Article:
Graeme McDowell is riding such a tidal wave of confidence right now that not even the prospect of a four-day battle with the Blue Monster seems like a frightening prospect.

Having come through his tussle with the Bear Trap with flying colours and signed off with a course-record equalling 64 to claim a share of sixth place in the Honda Classic on Sunday, the US Open champion tees it up in the $8.5m WGC-Cadillac Championship in Miami with high hopes of challenging for his first World Golf Championship title.

Darren Clarke remains the only Irishman to claim one of golf’s WGC crowns, winning the World Match Play title at La Costa in 2000 and the Bridgestone Invitational at Firestone in 2003.

But McDowell, who has started 2011 in sensational style with four consecutive top-10 finishes, has all the shots required to end that drought in Doral on Sunday night.

“WGC’s have got this little niche of prestige,” said the world No 4 after his stunning closing round in West Palm Beach. “Some of them feel a little but strange. The match play is a strange one and it is very difficult to get that special feel.

“Let’s be honest, nothing quite gives you that special feeling the way the major championships do. But the WGC’s are there or thereabouts and of course I’d love to pick up a couple of them in my career.

“Compared to the Bridgestone Invitational at Firestone, where I just can’t see a way around that golf course, Doral is a track where I know I can put four rounds together.”

McDowell had a relaxed Monday in Florida, where he teed it up in a pro-am at exclusive Seminole, his group sandwiched between those of legends Jack Nicklaus and Arnold Palmer.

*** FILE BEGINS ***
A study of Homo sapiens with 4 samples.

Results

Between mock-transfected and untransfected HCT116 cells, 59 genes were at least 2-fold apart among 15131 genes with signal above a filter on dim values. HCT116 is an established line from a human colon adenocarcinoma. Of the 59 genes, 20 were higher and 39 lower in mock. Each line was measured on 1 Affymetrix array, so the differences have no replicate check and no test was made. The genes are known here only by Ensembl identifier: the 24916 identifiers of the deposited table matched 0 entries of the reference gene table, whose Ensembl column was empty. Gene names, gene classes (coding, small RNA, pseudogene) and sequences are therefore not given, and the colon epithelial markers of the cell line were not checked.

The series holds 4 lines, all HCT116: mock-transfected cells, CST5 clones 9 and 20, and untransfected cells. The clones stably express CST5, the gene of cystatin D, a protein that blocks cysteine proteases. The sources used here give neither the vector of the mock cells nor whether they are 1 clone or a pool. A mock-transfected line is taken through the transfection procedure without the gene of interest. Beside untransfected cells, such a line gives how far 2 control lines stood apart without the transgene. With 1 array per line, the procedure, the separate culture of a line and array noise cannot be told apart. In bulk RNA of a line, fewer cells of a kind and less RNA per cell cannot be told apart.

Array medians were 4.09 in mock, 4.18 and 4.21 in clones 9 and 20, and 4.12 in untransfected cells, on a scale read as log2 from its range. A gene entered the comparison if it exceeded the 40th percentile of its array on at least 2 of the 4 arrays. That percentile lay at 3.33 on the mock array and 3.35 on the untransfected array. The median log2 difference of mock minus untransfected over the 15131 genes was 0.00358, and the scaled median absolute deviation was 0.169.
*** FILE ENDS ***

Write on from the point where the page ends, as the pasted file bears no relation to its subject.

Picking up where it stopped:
But after his heroics at PGA National in Palm Beach Gardens, he will arrive at Doral today feeling positive about his chances of picking up the $1.4m top prize in an event where he closed with a 66 to share sixth place last year.

“I’m excited about my game going into Doral,” McDowell said. “My ball striking still needs some work but I have got a few days to work on that and get ready for a crack at a WGC title.

“Aesthetically I am not a big fan of Doral. It is not the most beautiful golf course but you have got to drive it well with that bermuda rough. You miss the fairways and you can’t control it going into the greens.

“So I have learned now to play the course the last couple of years. It rewards good ball strikers who put the ball in the fairway, which suits me, but the par threes are really hard.”

McDowell is referring to the 236-yard fourth and the 245-yard 13th, which are among the toughest holes on a track that otherwise lends itself to low scoring.

He said: “The 15th  and 17th at Honda are among the toughest you’ll face all year but at Doral the par threes are just long and nasty. You are never going to make doubles but you just miss greens for fun. But I’m looking forward to the challenge.”

McDowell remained at No 4 in the latest world rankings with Rory McIlroy still No 8 despite his disappointing share of 70th in the Honda Classic, where he struggled to cope with the high winds over the weekend.

All eyes will again be on Tiger Woods in Miami, where a 17th WGC victory would end his 15 month victory drought.

Padraig Harrington, who fell one place to 37th in the world after taking last week off, is also in the 69-man field at Doral. The Dubliner, 39, is searching for some form where he finished tied for third behind winner Ernie Els 12 months ago.